Homegrown terrorism and mass shootings have sadly become everyday news in the United States. As a result, the demand for explosives detection dogs as a deterrent against such crimes is on the increase with one major problem: there are not enough dogs to meet the growing need.
The US Government purchases 80 to 90% its working dogs from Europe, but there are fewer dogs available from overseas as those countries face their own rising terrorism threats.
The AKC Board of Directors established the AKC Detection Dog Task Force in 2016 to help with this national security issue. The Task Force has interviewed key stakeholders involved in explosives detection including people from academia, government, military, policing, training and breeding. Subsequently, the AKC has launched several initiatives focused on Government Relations, Networking/Education and Breeder Outreach.
Click here to find a downloadable version of the AKC Detection Dog Task Force informational tri-fold brochure.
Government Relations – There are many obstacles that stand in the way of U.S. breeders being able to easily sell dogs to the government for detection work, including low market price for top working and field line puppies and complicated government vendor contracts that make it difficult for individual breeders. The AKC Government Relations team, led by Vice President Sheila Goffe, has made strides in bringing these issues to the attention of lawmakers.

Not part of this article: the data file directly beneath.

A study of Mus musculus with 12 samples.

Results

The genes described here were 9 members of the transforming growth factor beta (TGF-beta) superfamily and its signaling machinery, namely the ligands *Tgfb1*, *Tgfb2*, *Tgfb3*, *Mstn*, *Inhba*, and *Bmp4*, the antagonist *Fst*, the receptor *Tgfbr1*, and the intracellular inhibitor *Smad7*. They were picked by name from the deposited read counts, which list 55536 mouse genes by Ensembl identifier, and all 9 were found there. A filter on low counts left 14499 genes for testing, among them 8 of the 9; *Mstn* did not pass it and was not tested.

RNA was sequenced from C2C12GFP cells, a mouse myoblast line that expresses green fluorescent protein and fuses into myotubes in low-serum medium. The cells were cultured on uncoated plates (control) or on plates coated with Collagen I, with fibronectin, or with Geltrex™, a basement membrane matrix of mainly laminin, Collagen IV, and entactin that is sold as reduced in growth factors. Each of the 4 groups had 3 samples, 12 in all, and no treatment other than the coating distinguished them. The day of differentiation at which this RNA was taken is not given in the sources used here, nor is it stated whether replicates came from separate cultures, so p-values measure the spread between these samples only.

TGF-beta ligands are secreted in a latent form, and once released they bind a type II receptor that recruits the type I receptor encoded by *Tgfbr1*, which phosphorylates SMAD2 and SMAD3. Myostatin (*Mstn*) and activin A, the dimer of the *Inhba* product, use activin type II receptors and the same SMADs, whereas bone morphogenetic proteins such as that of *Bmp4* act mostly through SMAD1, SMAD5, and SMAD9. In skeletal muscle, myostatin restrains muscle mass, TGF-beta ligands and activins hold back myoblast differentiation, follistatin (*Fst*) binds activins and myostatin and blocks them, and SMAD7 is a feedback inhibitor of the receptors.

AKC Government Relations provided recommendations in the 2018 National Defense Authorization Act (H.R. 2810) to support using and developing additional sources for high quality domestically-bred working dogs. HR 2810 also requires the Department of Defense to provide reports on specific aspects of military working dog evaluation, procurement and breeding programs. This includes comparative costs of foreign versus domestically-bred dogs, availability of domestically-bred dogs, and non-classified requirements for “green” (minimally-trained) dogs.
Goffe also was invited to testify on the issue before a Senate committee in October 2017, where she expressed the dire need for these dogs to protect the country.
Networking/Education – The first AKC US Detection Dog Conference took place in early 2017 to start a conversation about increasing the domestic supply of detection candidates. The stakeholders and speakers included members of government, academia and private training/breeding facilities.
Breeder Outreach – AKC works with thousands of breeders around the country, but most are unaware of the detection dog shortage. The AKC Feasibility Study committee is taking steps to communicate the need to breeders through presentations to kennel clubs and parent clubs and articles in AKC newsletters and magazines.